This groundbreaking new buoy can predict earthquakes and tsunamis. Here’s how

high tech buoy predicts earthquakes tsunamis 217817 web
University of South Florida

Buoys, the flotation devices most commonly found at sea, can be used for a variety of purposes — ranging from showing safe water areas to marking routes for waterborne racecourses. Throughout 2019, however, geoscientists from the University of South Florida have been using a new high-tech version to see if it could be used to help predict impending natural hazards, such as earthquakes, volcanoes, and tsunamis. They believe that it can.

This shallow water buoy was developed using an $822,000 grant from the National Science Foundation. It currently sits off Florida’s Egmont Key in the Gulf of Mexico, where it produces data on the three-dimensional motion of the seabed by sensing tiny movements and changes on the seafloor. While Florida is not an area that’s prone to earthquakes, the Egmont Key location serves as a good test location for the technology. If it could ultimately be used to better forecast events like the giant earthquakes and tsunamis in Sumatra in 2004 and Japan in 2011, this would be money very well spent.

“This is a [tool] for doing seafloor geodesy in the shallow continental shelf environment,” Tim Dixon, a distinguished professor in the USF School of Geosciences, told Digital Trends. “Geodesy aims to measure position, displacement, or strain, to very high precision — a few millimeters averaged over a 24-hour period. We do this routinely on land using a special type of high-precision GPS receiver. Our technique extends this capability to the shallow seafloor by using a rigid spar buoy, connected to a heavy anchor on the seafloor.”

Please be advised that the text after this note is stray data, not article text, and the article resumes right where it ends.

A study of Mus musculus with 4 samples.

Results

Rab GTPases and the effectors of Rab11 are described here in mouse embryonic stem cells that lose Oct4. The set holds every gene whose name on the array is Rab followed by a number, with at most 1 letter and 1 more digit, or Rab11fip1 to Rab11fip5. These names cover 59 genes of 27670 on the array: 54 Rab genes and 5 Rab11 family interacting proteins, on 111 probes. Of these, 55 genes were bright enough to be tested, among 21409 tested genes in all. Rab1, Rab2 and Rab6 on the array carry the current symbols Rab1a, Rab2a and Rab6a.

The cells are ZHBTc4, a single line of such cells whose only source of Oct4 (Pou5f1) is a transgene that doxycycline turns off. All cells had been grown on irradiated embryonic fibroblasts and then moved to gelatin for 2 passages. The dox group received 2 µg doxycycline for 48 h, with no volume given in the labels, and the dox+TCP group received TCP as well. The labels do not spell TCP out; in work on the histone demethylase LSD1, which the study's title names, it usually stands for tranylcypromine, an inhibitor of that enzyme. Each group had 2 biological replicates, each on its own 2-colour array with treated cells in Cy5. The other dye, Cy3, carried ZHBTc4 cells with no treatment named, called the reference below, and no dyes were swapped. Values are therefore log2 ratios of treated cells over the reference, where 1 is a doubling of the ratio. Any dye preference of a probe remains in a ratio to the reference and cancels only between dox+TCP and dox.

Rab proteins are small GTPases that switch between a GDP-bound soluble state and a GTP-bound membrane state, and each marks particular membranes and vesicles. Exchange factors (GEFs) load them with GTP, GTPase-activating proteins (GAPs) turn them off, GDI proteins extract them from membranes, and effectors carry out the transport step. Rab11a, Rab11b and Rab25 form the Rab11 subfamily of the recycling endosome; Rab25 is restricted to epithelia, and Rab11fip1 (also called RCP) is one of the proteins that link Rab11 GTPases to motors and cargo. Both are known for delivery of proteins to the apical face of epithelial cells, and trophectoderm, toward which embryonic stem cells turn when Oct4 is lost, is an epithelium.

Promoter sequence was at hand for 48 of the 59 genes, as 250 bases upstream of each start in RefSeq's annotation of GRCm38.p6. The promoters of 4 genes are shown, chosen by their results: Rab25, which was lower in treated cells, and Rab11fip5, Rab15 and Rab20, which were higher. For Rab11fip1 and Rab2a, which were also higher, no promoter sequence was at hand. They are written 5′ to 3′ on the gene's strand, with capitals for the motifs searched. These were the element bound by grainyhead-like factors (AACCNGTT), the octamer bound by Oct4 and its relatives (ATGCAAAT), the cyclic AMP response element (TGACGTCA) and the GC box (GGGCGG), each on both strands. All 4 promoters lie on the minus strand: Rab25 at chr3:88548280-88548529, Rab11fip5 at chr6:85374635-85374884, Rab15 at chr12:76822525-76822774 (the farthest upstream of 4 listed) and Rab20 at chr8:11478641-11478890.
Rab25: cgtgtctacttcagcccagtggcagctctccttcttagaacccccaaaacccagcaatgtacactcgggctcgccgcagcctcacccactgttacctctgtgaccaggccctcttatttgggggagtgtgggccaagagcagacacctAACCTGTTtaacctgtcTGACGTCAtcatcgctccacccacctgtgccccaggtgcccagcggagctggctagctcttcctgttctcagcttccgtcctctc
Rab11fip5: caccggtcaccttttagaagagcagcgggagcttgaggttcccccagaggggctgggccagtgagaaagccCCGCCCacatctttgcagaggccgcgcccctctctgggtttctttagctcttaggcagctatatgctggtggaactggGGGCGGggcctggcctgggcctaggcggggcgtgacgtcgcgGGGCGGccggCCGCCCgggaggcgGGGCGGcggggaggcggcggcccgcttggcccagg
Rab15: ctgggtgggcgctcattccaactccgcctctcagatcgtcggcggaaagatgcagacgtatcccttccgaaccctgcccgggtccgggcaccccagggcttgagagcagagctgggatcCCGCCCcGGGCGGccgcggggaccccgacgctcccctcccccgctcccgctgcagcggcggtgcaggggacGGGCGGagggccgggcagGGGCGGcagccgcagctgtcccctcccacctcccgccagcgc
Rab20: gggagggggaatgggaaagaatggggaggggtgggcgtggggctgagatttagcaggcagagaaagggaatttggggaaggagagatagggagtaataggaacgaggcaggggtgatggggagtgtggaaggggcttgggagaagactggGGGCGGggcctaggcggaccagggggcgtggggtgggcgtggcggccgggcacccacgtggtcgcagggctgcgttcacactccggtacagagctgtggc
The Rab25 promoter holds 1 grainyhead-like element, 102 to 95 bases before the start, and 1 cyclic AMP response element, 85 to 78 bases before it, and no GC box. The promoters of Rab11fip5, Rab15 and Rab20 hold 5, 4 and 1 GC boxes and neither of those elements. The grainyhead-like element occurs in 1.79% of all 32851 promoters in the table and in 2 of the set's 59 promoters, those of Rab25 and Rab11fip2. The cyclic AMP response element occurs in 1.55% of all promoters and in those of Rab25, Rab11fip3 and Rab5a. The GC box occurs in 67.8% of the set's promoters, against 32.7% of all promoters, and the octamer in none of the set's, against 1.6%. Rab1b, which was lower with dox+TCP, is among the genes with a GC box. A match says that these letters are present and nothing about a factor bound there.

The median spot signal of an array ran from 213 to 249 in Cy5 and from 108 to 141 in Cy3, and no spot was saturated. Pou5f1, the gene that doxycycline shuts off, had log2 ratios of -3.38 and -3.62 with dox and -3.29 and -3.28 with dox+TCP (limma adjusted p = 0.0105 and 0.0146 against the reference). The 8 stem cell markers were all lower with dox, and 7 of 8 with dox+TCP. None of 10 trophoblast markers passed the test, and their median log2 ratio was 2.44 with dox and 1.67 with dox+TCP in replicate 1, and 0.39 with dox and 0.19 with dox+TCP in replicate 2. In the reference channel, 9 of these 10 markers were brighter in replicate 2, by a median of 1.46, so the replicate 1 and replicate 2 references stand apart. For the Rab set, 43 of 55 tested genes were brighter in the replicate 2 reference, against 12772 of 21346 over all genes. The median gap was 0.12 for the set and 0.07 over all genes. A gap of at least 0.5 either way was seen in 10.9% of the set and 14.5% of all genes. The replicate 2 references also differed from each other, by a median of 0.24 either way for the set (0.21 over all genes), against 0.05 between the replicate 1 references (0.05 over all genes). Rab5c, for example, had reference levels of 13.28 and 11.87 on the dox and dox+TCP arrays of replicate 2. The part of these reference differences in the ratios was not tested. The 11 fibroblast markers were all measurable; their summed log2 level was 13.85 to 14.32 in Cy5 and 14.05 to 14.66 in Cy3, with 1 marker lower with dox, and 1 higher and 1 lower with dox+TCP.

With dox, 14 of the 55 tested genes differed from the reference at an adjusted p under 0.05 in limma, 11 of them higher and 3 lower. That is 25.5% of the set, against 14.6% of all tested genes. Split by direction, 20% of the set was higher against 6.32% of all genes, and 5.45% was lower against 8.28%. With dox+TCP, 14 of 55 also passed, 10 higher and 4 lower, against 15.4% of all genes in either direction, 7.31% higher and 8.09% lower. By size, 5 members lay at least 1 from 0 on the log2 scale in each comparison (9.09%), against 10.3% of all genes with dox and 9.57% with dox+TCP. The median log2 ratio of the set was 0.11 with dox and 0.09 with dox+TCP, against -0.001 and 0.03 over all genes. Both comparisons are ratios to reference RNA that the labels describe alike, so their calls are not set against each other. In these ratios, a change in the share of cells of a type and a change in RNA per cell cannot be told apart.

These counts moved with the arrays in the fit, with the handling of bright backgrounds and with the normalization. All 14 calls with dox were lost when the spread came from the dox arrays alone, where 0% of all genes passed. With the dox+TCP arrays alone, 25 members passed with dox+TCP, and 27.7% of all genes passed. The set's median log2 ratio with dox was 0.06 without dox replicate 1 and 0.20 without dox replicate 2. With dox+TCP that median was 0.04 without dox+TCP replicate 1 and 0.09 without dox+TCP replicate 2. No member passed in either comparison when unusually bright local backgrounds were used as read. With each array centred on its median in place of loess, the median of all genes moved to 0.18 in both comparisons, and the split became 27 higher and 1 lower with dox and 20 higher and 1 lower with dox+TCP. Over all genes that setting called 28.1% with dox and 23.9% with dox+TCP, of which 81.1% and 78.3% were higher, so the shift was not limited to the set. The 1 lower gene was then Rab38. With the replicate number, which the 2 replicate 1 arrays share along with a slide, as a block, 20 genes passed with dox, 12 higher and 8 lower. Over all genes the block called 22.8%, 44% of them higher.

The buoy’s orientation is measured using a digital compass. These special tilt and orientation sensors provide heading, pitch, and roll information. The device also contains a GPS receiver, solar panels, batteries, and an Iridium data transmitter.

“The buoy has been in the water now for more than a year, and has weathered several tropical storms and a hurricane,” Dixon said. “It has performed well, pretty much in line with our expectations. The next step is to design, build and test a deeper water version. We hope to submit a new proposal soon to the U.S. National Science Foundation to support that work.”

A paper describing the project was recently published in the Journal of Geophysical Research-Solid Earth.